Wednesday, September 27, 2006

The Talented Mr. Ripley

It’s satisfying to read a book with a great reputation and have it live up to it completely. Over the weekend I read Patricia Highsmith’s The Talented Mr. Ripley (1955), and it was a creepy, compelling, and tense as I’d always heard. Earlier this week I complained that Scott Smith’s The Ruins provided only nothing beyond thrills; The Talented Mr. Ripley is the perfect example of a novel that does both. There are scenes as tense as anything in Hitchcock, but the heart of the book, and the reason it’s going to stay with me, is the title character, who by turns is odd, creepy, confused, sad, needy, even sometimes deeply sympathetic. Without diminishing him as a character—and without being obvious about it—Highsmith reveals the complicated mix of emotions that drive Tom Ripley while simultaneously showing us that he doesn’t quite understand them himself. He deludes himself—though always for brief periods—so well that we, too, become deluded, our sympathies engaged. That level of psychological reality is only possible when an author knows a character thoroughly; I get the feeling that, while Tom Ripley could surprise himself, there’s no way he could ever surprise Patricia Highsmith.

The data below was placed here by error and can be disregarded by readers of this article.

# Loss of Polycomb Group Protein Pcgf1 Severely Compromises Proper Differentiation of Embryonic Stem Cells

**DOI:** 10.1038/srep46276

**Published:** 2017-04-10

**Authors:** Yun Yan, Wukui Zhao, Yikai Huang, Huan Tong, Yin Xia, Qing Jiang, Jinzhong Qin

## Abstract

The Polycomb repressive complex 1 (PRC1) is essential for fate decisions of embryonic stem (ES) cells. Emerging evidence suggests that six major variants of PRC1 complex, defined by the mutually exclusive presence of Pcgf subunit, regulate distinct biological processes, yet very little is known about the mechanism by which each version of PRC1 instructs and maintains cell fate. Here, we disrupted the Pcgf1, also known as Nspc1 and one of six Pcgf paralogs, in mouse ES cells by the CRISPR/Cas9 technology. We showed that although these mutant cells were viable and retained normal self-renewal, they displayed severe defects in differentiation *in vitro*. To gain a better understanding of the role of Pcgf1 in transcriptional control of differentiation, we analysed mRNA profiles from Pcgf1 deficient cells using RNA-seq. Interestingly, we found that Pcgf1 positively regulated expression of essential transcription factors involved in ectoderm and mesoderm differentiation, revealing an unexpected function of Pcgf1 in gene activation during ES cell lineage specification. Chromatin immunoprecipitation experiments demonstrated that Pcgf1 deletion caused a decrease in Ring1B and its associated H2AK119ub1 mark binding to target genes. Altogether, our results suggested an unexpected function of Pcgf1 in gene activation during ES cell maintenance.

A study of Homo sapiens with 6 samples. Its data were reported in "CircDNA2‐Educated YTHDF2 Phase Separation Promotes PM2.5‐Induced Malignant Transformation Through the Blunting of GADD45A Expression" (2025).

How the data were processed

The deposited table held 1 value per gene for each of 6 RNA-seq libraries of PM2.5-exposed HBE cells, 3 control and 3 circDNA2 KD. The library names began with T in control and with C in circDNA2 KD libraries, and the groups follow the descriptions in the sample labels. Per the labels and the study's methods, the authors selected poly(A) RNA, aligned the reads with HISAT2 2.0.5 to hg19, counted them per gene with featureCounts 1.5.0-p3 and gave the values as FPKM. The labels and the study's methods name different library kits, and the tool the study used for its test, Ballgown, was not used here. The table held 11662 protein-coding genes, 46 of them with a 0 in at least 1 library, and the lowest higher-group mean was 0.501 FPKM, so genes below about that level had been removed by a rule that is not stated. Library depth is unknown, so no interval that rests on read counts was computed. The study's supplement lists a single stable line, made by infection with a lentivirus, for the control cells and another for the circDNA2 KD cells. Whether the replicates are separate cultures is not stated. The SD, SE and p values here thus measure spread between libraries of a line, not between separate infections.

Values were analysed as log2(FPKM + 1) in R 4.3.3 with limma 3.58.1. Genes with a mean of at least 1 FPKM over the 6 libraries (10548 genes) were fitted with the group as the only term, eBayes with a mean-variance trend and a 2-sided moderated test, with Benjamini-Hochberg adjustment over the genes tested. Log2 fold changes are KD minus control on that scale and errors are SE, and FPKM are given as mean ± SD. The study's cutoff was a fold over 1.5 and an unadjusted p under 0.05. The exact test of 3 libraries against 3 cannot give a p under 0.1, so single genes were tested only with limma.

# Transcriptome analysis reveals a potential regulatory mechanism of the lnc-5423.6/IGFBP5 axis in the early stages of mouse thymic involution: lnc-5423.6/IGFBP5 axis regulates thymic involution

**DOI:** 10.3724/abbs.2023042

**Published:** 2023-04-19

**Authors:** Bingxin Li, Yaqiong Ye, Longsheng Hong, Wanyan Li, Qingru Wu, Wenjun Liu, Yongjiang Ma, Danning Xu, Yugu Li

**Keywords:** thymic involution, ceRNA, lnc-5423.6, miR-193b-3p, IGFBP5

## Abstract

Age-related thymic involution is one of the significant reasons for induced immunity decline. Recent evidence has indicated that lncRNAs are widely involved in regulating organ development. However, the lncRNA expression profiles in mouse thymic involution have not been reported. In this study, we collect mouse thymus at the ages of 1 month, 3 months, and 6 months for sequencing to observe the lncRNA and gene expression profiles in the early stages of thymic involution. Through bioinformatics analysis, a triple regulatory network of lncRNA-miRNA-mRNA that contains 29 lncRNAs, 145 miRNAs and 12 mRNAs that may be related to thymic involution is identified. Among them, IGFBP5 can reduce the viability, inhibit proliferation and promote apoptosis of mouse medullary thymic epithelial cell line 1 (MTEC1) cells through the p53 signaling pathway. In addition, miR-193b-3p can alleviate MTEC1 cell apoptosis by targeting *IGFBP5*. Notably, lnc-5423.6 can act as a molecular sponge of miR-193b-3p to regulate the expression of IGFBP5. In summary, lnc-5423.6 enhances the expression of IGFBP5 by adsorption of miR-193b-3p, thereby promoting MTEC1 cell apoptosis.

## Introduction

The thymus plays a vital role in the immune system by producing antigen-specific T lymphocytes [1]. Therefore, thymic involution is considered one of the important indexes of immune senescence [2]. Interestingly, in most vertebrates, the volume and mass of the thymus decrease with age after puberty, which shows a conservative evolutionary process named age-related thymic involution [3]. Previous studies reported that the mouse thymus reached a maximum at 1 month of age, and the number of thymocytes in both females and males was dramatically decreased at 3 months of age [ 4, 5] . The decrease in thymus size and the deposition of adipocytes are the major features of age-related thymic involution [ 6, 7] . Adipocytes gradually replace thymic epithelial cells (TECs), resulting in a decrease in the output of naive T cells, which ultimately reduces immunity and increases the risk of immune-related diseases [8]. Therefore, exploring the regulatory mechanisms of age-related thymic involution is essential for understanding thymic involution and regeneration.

In case you’re one of the small number of readers who doesn’t know Ripley as a character, I won’t say more. I do, however, have a question. If you were to come to this book with no knowledge of it or Ripley, how would he strike you in the early pages? How much would you see through? How much would you anticipate? I think of this as the Casblanca problem: if you didn’t already know that Rick doesn’t leave, would you be sure it was coming? I think you probably would, in both cases, get an idea of what lies ahead, but I'll never get to know for myself.

Oh, and a second question: I’ve got the next two Ripley novels in this omnibus volume. Anyone read them? Should I?

And, finally, a warning: October is always my busiest month both at work and at home. I’m finishing up marathon training, and the start of the baseball playoffs means hosting lots of baseball chili parties. I fear that my blog is going to suffer; you should probably expect light posting through October. But never fear: winter is on the way, and there sure ain’t much to do in Chicago in the winter but read.

1 comment:

  1. I read the second one. I'd say that it features a more interesting crime - a long grift - and that it's as compelling a study of the character of Tom Ripley as the first one, but it's just a little less creepy, I think for one reason. Which is that, in The Talented..., there were three or four moments where Highsmith would have Tom recollect something from his past or from recent events that, had we been aware of them up front, we would have thought quite differently of him; and the way he remembers is so close to the way that we all forget and remember the worst things about ourselves, that it's completely unnerving every time she does it.

    The second novel features no such moments, and come to think of it, it also lacks a supporting cast of characters as memorable and well drawn as Dickie Greenleaf, Marge, and Freddy. But it is still a pretty good read. And you should read it, because then we can watch the movie.